Sunday, 6 February 2005
Great News for Constitutionality
All kinds of good news from the Supreme Court which comes on the heels of the recent (bad) Hiibel decision (which allows the states to stop you and require you give your name-beyond the Terry Stop rules). There is the MISSOURI v. SEIBERT decision which said that the Miranda warning decision is still quite valid. Police must inform you of your rights to remain silent and that anything you say can and will be held against you. The 'work around' employed by police increasingly has been to question a person, then mirandize them, then question them again and then using the first interrogation to work the confession, information they are looking for. No no no said Justice Souter, joined by Justice Stevens, Justice Ginsburg, and Justice Breyer-with Justice Kennedy in concurrence. By saying no to this strategy, the police can no longer use it as a interrogation technique.
HAMDI et al. v. RUMSFELD,- Yaser Esam Hamdi, an American citizen was
in Afghanistan when Northern Alliance people caught him. When the US figured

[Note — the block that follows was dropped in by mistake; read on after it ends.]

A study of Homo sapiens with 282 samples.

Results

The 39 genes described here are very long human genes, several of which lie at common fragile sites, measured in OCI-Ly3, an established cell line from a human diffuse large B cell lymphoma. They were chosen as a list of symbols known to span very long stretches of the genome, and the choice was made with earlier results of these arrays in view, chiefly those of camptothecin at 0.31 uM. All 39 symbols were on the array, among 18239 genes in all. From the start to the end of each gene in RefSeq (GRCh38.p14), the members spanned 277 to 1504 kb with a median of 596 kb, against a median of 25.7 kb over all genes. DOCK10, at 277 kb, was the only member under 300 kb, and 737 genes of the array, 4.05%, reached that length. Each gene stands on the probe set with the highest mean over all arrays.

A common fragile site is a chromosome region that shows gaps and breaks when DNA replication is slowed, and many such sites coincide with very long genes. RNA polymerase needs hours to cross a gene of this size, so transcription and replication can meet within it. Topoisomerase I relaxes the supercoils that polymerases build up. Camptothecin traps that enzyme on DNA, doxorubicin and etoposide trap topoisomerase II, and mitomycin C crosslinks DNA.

out that he was American, he was taken to the US and has been in the Brig
for the duration. He had been labeled as a 'enemy combatant' which would
give him, according to the government, no rights at all and in fact this
designation would make him eligable to be kept in jail, without lawyers
and without contact -Indefinitely. Justice O’Connor, joined by The
Chief Justice, Justice Kennedy, and Justice Breyer, concluded that although
Congress authorized the detention of combatants in the narrow circumstances
alleged in this case, due process demands that a citizen held in the United
States as an enemy combatant be given a meaningful opportunity to contest
the factual basis for that detention before a neutral decisionmaker. The
court said that you can't just throw someone in a hole and forget about
them, theoretically, he gets his day in court. We know that it takes an
interminal amount of time to get your day in court even if there is no
question about your right to be there. This guy, perhaps a bad guy, has
spent that time in a cell and he is still in a cell. Logically, constitutionally,
by every idea of what is supposed to be good about America, you cannot
be tossed into a cell indefinitely, this brings to mind the horror stories
about the Man in the Iron Mask, -the sorts of things that happen in historically
distant times or in third world dictatorships. We could feel superior
in the knowledge that we are protected by a constitution and those idiots
in other countries weren't. Instead, we are forced to sit here for years
and hope that the Supreme Court does the right thing for the constitution
and the country.
RUMSFELD V. PADILLA- Let's see, oops guys, wrong district, please refile again.